Pörkölt is almost always made of meat, onion, capsicum and paprika powder. Any kinds of meat can be used when making pörkölt. Most common are lean beef, lamb, chicken and pork, but intestines (or tripe) and liver can also be used, or even fish.

A popular meal in traditional Hungarian cuisine is a pörkölt made of tripe, called Pacal or Pacalpörkölt. (Pacal is also the Hungarian word for tripe). It has a unique and very distinguishable taste from other kinds of pörkölt, often being quite spicy.

Much of the quality of a pot of Pörkölt is found in the best use of the very few ingridients. The spiciness and the taste of the kind of paprika powder used is very important to the taste. A simple Hungarian trick in making good Pörkölt is first frying the onions in pork fat or oil in the pot before making anything else, and then quickly set aside the pot and immediately add a large quantity of paprika powder and then add the meat and any liquid. Garlic can also be added, but is used carefully in Pörkölt. Pörkölt should be simmered slowly in very little liquid. But it shouldn't be dry.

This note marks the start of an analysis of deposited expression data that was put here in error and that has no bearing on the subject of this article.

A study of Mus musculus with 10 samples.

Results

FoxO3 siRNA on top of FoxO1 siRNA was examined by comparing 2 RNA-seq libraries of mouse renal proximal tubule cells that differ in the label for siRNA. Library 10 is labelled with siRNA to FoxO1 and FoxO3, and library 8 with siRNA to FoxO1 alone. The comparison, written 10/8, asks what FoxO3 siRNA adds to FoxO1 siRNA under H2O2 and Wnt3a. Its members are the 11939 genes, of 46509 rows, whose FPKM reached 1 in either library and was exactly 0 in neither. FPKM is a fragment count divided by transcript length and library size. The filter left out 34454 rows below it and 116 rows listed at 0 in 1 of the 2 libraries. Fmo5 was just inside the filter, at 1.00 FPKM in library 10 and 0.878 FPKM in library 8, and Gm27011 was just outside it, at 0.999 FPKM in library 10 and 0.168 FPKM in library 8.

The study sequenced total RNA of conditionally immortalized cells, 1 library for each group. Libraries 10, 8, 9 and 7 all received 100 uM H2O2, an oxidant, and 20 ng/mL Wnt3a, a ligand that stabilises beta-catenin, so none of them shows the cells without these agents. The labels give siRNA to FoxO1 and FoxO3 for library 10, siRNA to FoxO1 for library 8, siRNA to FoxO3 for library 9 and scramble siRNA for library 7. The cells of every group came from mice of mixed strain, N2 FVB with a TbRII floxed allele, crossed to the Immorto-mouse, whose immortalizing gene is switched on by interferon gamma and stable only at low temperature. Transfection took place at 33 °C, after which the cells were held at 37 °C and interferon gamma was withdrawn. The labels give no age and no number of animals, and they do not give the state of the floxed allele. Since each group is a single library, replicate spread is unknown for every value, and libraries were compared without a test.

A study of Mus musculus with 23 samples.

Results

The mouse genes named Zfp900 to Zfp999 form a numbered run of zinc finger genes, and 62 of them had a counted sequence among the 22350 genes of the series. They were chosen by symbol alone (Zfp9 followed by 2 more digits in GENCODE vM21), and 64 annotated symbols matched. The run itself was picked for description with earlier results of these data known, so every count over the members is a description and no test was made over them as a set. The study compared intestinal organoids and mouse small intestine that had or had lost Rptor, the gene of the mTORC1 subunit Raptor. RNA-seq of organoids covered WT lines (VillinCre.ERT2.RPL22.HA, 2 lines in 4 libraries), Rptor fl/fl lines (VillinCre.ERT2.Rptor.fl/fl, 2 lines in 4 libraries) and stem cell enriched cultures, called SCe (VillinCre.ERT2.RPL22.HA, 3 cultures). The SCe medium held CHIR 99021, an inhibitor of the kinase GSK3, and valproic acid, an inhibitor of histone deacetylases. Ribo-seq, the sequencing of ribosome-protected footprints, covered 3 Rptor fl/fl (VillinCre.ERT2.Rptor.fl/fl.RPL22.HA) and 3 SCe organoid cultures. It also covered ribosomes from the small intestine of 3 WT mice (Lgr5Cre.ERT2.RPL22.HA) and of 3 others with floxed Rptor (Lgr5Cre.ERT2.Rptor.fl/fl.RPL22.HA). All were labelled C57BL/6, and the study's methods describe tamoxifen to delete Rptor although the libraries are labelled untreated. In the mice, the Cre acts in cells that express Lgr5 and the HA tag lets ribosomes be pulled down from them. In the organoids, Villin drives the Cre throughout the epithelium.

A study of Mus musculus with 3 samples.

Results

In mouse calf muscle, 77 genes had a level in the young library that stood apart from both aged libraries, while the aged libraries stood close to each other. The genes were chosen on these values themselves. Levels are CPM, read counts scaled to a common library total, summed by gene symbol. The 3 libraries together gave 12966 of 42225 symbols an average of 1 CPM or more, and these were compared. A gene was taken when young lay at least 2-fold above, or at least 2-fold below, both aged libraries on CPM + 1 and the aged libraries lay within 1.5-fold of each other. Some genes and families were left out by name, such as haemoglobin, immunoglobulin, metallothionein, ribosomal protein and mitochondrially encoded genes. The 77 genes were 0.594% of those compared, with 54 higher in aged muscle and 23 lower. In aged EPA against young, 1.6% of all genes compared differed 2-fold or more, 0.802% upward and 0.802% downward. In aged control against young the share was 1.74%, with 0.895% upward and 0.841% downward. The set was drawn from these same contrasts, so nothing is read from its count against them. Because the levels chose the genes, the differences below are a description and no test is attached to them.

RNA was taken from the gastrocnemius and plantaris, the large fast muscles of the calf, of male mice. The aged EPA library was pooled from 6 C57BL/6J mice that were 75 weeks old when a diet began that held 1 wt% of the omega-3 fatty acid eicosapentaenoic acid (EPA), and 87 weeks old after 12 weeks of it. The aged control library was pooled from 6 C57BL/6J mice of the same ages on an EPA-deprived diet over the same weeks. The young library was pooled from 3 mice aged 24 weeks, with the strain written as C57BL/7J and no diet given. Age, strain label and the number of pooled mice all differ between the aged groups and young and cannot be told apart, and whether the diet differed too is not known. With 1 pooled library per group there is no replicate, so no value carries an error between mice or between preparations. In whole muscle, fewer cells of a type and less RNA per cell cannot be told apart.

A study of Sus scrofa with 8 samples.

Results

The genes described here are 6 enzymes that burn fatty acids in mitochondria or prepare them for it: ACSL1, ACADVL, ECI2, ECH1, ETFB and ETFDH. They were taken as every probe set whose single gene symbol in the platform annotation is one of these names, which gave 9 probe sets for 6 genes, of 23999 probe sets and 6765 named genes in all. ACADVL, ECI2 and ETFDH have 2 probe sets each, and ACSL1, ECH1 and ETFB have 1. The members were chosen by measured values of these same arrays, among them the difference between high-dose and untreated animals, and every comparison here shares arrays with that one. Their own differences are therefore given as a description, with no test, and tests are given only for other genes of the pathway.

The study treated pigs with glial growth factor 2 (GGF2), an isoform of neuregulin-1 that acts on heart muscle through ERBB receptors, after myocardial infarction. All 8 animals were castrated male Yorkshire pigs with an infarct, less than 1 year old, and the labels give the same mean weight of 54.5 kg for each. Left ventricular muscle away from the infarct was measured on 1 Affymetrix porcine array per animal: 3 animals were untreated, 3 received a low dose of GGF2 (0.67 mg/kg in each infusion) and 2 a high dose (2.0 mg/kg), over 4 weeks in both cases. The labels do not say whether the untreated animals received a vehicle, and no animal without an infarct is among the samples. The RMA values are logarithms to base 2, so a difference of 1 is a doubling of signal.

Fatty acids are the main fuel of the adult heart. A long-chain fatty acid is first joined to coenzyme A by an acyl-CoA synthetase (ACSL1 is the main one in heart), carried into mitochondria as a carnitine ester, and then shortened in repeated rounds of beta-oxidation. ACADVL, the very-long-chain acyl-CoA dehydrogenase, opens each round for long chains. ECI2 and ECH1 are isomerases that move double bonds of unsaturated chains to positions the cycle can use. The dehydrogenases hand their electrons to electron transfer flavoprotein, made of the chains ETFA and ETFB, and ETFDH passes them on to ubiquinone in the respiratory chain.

If thick sour cream is added to Pörkölt it will become what the Hungarians call a Paprikás When making Paprikás, only light meat like chicken, veal or pork is used.

There are other Hungarian stews that doesn't emphasize that much on the use of paprika powder. These are mostly called Tokány and in these stews, other spices like herbs yield the flavour.

In Hungary Pörkölt is almost always served with any kind of dumpling, tarhonya (pasta grains), galuska or nokedli (small dumplings - Halušky in Slovakia) or other kinds of pasta (tészta).

In the Czech republic pörkölt is made successfully with beer, dark bread and caraway. Often large Czech knedlíky dumplings are served with it. In Slovakia the dish is called "Perkelt" and is served with Halušky.